HOLMBERG: Did mayor push out schools superintendent?
RICHMOND, Va. (WTVR) — You might say Dwight Jones is the git-er-done mayor.
The new City Jail is taking firm shape in Shockoe Valley, more than 30 years after the old one needed replacing. Just up the hill, a new school is being built – the first in almost as long.
And now, some are giving Mayor Dwight Jones credit for pressuring out Richmond schools Superintendent Yvonne Brandon, a former ally he essentially called out publicly last year during his famous “celebrations of mediocrity” speech.
Brandon has led Richmond’s schools for the better part of five years. As she said during her Tuesday announcement that she was stepping down in June, it was “on average, one of the longer tenures for a superintendent in an urban environment. My departure will be bittersweet.” (She was the eighth RPS superintendent since 1985. Many of those departed on less-than-happy terms.)
Her popularity has slipped amidst scoring and spending scandals and poor student performance, despite the city spending more per student than almost any other jurisdiction in the state.
Two months ago, the mayor gave the boot to Richmond Police Chief Bryan Norwood, a quiet but well-liked leader, and replaced him with a retiree who admits he’ll be “the mayor’s chief.” The mayor’s office also took over RPD’s media relations for the first time.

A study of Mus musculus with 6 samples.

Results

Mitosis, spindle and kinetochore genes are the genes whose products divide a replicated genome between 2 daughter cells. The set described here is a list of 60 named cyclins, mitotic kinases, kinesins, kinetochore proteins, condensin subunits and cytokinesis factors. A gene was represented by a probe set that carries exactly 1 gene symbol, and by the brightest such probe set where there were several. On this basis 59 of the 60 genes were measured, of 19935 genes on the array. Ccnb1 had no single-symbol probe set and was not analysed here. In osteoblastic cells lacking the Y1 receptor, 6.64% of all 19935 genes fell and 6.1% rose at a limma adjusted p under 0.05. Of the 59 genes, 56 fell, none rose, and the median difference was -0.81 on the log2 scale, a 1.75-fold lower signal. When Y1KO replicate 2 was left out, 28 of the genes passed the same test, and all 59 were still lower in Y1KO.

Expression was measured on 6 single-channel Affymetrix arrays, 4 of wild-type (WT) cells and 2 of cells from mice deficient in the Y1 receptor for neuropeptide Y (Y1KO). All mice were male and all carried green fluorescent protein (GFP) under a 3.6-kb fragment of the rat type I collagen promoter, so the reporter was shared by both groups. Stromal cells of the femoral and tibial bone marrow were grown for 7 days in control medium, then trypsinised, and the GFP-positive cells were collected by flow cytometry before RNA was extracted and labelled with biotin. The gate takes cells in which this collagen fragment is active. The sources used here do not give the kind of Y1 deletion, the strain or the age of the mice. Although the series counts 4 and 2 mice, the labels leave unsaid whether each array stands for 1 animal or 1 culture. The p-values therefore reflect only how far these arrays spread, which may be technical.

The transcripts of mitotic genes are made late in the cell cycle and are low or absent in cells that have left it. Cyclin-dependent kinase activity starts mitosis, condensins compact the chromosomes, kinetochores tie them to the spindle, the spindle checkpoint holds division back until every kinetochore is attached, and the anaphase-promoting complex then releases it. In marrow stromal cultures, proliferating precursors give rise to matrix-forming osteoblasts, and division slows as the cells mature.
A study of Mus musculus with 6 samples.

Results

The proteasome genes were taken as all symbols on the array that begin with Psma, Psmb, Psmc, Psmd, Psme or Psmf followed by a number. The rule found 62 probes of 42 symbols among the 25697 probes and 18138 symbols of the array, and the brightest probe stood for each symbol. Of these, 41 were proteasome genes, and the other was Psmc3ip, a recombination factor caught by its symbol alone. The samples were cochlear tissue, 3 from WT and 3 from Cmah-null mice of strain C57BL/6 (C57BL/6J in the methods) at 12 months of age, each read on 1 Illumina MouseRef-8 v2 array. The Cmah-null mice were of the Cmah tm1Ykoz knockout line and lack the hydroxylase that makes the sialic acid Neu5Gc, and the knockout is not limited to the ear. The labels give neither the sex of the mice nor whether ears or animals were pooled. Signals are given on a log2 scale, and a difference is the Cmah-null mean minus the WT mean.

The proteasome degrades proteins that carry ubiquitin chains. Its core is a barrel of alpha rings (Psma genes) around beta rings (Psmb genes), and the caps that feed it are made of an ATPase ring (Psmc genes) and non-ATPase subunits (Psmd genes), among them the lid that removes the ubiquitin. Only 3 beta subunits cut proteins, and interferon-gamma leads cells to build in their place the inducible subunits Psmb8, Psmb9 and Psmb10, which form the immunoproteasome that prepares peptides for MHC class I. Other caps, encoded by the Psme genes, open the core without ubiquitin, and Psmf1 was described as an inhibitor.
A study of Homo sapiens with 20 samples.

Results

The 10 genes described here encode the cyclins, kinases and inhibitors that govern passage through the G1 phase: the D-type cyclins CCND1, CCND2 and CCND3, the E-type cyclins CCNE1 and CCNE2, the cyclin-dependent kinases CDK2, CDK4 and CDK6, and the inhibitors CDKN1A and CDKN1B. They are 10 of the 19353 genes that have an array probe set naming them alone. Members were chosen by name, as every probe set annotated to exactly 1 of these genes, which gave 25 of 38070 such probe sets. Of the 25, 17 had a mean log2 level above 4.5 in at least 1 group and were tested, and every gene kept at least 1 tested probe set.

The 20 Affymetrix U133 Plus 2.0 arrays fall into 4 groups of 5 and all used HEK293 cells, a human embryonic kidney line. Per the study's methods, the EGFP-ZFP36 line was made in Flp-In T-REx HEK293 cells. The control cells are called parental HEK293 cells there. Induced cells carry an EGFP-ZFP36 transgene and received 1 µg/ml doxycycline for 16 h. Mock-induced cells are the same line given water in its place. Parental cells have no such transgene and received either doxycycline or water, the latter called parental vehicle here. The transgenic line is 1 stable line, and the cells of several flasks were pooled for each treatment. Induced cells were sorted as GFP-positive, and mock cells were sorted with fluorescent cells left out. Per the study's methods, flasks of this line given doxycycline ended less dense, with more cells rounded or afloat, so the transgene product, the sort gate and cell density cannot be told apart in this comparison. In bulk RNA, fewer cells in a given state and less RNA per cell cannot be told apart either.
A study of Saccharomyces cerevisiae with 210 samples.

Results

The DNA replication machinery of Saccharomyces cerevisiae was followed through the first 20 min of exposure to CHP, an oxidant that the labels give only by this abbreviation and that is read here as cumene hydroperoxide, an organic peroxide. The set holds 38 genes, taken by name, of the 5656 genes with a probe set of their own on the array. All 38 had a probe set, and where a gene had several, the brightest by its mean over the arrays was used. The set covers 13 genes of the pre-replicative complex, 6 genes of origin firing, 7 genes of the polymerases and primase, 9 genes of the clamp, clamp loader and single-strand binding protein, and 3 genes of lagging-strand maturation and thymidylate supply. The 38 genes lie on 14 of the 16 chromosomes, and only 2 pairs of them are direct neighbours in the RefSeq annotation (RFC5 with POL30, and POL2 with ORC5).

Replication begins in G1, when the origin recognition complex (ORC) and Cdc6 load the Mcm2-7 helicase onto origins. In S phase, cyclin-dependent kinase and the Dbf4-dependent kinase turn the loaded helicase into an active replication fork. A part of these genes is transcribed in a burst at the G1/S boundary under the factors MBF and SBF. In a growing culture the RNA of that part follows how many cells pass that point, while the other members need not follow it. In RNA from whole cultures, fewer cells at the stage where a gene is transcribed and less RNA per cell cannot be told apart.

“I think it’s pretty much a clean sweep,” said political strategist Paul Goldman, who helped write changes in the city charter to allow for a strong, elected mayor. “He got rid of the police chief, now he’s pushed out the schools chief. So, the mayor’s consolidating his grip on the city.”
The police department and the schools make up roughly $200 million of the city budget. They represent the two biggest-ticket items.
Also, early last year Dianne L. Gadow, the superintendent of Richmond’s Juvenile Detention Center, was let go.
In the fall of 2010, the much-admired director of Rec and Parks, J.R. Pope, was run off the job by the mayor.
He even gave his own Deputy Chief Administrative Officer, Carolyn Graham, the boot.
These are all prerogatives of the strong-mayor form of government, Goldman explained – to shape the course of the city by shaping its leadership.
But the mayor isn’t supposed to control the schools superintendent or the elected School Board.
Former mayor and governor Doug Wilder tried – and famously failed – when he attempted to force the school board out of City Hall by literally moving them out. A Circuit Court judge moved them right back in again.
The power play is much more subtle with Mayor Jones. His former deputy chief of staff is now chairman of the School Board. His son was also elected to the board.
This past election, his main foes on City Council and the School Board were defeated in elections. The mayor has been quietly running the table, politically.
So has Richmond become a stronger place under our strong mayor?
I don’t think there’s any question about it. Just look around at the growth, the development, the excitement and the pride in RVA.
But the real question is, has our minister mayor become too strong?
That’s my take, please leave yours in the comment section below.